Because that's what makes it an IoT project: interacting with devices all over the place.
This is when it gets interesting: when you set something in motion and things happen remotely, distantly. Or, moving the other way, you pull data from far-flung sensors.
That's where the cloud comes in. It's kind of a relay: you send your instructions there, and then bounce them out to your devices: making them do something, or deliver information back to you. It's like have a widely-distributed info army at your command.
In the Particle literature they often talk about "managing your fleet of devices."
And that turns out to be the major, worthwhile thing you can do with a Particle Photon.
Here are the deets, from the Particle site:
- Set up the pins on the Particle as outputs that have LEDs connected to them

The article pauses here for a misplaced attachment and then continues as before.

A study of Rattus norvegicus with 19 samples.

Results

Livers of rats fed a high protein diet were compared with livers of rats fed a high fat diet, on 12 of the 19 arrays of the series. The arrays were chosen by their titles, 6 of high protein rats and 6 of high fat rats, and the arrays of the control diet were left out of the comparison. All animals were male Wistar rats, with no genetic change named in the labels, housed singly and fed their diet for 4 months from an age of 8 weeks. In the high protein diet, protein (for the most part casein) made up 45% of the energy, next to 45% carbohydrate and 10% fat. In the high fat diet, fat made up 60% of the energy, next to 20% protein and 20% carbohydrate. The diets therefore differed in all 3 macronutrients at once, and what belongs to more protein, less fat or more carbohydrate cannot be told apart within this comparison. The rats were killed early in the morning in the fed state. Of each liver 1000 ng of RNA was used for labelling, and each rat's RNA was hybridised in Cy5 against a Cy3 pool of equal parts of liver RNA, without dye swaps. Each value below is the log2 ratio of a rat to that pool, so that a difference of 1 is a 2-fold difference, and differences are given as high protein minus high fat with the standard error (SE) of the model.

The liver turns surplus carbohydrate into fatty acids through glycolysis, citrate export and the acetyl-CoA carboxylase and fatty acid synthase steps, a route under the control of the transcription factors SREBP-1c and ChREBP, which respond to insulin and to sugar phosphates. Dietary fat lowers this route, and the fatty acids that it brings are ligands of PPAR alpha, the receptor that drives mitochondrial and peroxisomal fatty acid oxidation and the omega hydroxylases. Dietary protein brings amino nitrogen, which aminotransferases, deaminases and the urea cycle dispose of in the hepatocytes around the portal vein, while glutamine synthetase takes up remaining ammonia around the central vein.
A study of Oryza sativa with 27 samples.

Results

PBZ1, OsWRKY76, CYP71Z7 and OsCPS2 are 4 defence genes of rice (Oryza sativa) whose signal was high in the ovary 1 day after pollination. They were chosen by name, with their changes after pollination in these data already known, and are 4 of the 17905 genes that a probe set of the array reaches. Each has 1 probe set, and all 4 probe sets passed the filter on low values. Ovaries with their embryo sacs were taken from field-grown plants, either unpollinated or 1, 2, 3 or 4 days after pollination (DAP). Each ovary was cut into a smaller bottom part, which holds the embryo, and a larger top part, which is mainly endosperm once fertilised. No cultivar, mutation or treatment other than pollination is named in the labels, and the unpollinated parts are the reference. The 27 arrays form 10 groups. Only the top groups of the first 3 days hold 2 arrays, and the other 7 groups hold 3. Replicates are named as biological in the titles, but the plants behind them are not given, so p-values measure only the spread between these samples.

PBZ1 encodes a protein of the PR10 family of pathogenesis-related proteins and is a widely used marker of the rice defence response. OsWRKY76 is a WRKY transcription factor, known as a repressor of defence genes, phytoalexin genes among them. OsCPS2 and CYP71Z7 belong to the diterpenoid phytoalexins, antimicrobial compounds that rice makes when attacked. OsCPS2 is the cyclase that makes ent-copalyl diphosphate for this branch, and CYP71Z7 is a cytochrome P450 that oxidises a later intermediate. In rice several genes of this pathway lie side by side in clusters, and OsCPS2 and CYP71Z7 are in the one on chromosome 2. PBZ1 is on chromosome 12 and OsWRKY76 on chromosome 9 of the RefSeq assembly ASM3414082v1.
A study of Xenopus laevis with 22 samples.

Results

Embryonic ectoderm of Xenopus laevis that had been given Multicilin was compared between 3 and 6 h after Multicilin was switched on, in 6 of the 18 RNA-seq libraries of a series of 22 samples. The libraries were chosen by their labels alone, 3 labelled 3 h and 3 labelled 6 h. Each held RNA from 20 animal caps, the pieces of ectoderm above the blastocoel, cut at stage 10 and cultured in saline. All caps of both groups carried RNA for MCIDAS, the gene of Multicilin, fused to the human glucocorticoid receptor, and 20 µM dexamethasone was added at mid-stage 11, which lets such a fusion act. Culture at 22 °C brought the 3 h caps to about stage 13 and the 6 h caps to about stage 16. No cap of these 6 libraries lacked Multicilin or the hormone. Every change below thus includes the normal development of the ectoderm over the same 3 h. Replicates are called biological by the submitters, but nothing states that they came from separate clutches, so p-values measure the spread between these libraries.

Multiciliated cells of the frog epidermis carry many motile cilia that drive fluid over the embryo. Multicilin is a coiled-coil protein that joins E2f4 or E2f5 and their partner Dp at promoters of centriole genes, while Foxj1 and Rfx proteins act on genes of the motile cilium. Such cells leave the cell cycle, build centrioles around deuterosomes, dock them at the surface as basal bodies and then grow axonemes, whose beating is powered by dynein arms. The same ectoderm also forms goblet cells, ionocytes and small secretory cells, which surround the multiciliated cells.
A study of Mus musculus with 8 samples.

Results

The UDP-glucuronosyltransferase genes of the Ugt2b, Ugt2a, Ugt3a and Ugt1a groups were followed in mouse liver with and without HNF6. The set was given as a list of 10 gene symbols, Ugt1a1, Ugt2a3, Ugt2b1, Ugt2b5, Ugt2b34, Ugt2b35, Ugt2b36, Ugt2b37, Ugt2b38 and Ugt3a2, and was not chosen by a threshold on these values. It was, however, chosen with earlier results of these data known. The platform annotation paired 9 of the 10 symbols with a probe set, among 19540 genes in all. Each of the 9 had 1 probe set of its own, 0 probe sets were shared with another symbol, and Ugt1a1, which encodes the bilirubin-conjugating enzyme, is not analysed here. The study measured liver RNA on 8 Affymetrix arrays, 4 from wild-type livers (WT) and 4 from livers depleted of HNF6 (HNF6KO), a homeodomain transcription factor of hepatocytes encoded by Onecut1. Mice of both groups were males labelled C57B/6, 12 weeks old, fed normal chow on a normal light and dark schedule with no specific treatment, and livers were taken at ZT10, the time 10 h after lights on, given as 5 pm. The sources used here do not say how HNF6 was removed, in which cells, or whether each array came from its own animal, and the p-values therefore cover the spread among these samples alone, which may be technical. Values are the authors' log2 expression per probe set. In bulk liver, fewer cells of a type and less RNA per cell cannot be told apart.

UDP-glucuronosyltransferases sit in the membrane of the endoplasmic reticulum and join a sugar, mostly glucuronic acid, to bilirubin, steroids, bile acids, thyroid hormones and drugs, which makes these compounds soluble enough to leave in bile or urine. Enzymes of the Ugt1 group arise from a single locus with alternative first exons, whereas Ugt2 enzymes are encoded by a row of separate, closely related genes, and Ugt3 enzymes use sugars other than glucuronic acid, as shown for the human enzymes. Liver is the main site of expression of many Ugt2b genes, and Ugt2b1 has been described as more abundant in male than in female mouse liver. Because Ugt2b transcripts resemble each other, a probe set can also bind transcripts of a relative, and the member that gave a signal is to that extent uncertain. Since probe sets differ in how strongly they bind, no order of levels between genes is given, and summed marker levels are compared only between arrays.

- Create and register a Particle function that gets called automagically when you make a request to it. This is often referred to as an API request.
- Parse the incoming command and take appropriate actions, ie: blink that LED!
Later in that same short document, you get the concept (and the code) behind reading info from (as opposed to sending information to) a photoresister, or a motion detector on one side of the earth, and publishing the data from it to the other side of the planet.
Basic IoT stuff.
It doesn't look too impressive: that blinking light. Which is why I often hear myself saying, "Imagine this light is far away, like in Berlin."
Most people get it, I think.
Once a project emerges from the Hackspace into an actual public place, it will get realer. Because there's no way that you can be sitting next to it, explaining and hand waving.
It just has to work -- and be fun, or informative, or helpful.